Who ever thought we would be analyzing our grocery shopping behavior? Up until 2020 I am sure most people never thought twice about their grocery shopping habits. It is something that is so routine, you know what grocery store to shop at, what you will buy, about how much it will cost, etc. But in true 2020 fashion, grocery shopping has significantly changed. Just in the past eight months we have seen consumers start panic buying (aka buying up as much toilet paper as possible), spending more on groceries, shopping less frequently, and buying online. While some of these behaviors are just temporary trends, many are here to stay.
Buying Online = New Normal
As Covid persists, consumers are moving their grocery shopping online in order to stay safe from the pandemic. The amount of online grocery shoppers is leveling out compared to the huge spike we saw in Mid-March/April, so thankfully we no longer have to wait weeks to receive our groceries. But, that is not because the amount of online buyers has decreased. About 60 percent of shoppers are still going online for their groceries, which is 12 percent higher than pre-pandemic numbers. For comparison, about 63 percent of shoppers were ordering online in April. Consumers have now moved into their new normal of grocery shopping, which means grocery stores need to figure out how they can continue to support online orders.
Instacart is a mobile app for online grocery shopping. Users can place their order through the app, and then a shopper will go out and get your groceries then deliver them to your front door. Instacart’s valuation has more than doubled since the beginning of the year, as Covid has led to a huge surge in demand. This has made Instacart one of the most valuable private companies in the US.
Walmart has been working hard to up their online ordering game with the anticipated launch of Walmart+. Walmart+ will be Walmart’s very own membership program designed to compete with Amazon Prime. With Walmart+ you can get access to same-day grocery delivery, delivery of general merchandise, exclusive access to deals and promotions, and discounts on Walmart gas. Walmart’s sales have seen a spike this year, but their eCommerce business is still lagging. Hopefully with Walmart+ they become more competitive.
How Much Is Too Much to Spend on Groceries?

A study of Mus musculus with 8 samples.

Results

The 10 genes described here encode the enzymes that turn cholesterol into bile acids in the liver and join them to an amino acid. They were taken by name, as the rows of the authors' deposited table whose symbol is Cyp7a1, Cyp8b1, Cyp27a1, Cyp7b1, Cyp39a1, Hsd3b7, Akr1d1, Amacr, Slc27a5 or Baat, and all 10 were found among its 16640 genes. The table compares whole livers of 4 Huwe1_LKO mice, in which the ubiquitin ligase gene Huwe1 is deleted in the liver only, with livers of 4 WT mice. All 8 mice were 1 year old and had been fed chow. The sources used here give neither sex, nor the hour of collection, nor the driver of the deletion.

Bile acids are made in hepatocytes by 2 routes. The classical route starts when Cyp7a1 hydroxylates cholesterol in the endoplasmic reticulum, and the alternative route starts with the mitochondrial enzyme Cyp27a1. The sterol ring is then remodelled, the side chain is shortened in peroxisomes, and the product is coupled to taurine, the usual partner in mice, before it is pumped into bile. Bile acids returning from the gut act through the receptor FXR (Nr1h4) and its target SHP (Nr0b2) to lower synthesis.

This has been a key question ever since March. How much signals that you are panicking and overbuying vs. reasonably stocking up so you don’t have to go to the store every couple of days. Needless to say, consumers have been spending a lot more on groceries than they have in the past. Even as we have now adjusted to life in a pandemic, grocery spending is still up, especially when it comes to online orders. There are a variety of reasons that grocery spending is up, including wanting to go to the store less, scarcity of some foods, and the decrease in eating out.
In addition to a change in spending habits, there also has been a change in payment habits. There has been a rise in contactless payment, like Apple Pay or Google Pay. These payments use an NFC tag that allows consumers to simply tap their phone or credit card to a card reader to make a payment. There is no need to touch anything. Pre-pandemic this accounted for a small percentage of transactions, but now 19 percent of consumers reported to have made a contactless payment in just May alone. Plus, 94 percent of retailers predict this trend to continue for the next 18 months. This falls in lines with other grocery stores, retailers, and restaurants attempts at going contactless with the use of QR codes.
If we have learned anything this year, it’s that even the simplest consumer behaviors, like grocery shopping can change at the drop of a hat and we need to be able to adapt. We are seeing grocers, along with restaurants and retailers do just that as they are moving business online and taking advantage of mobile.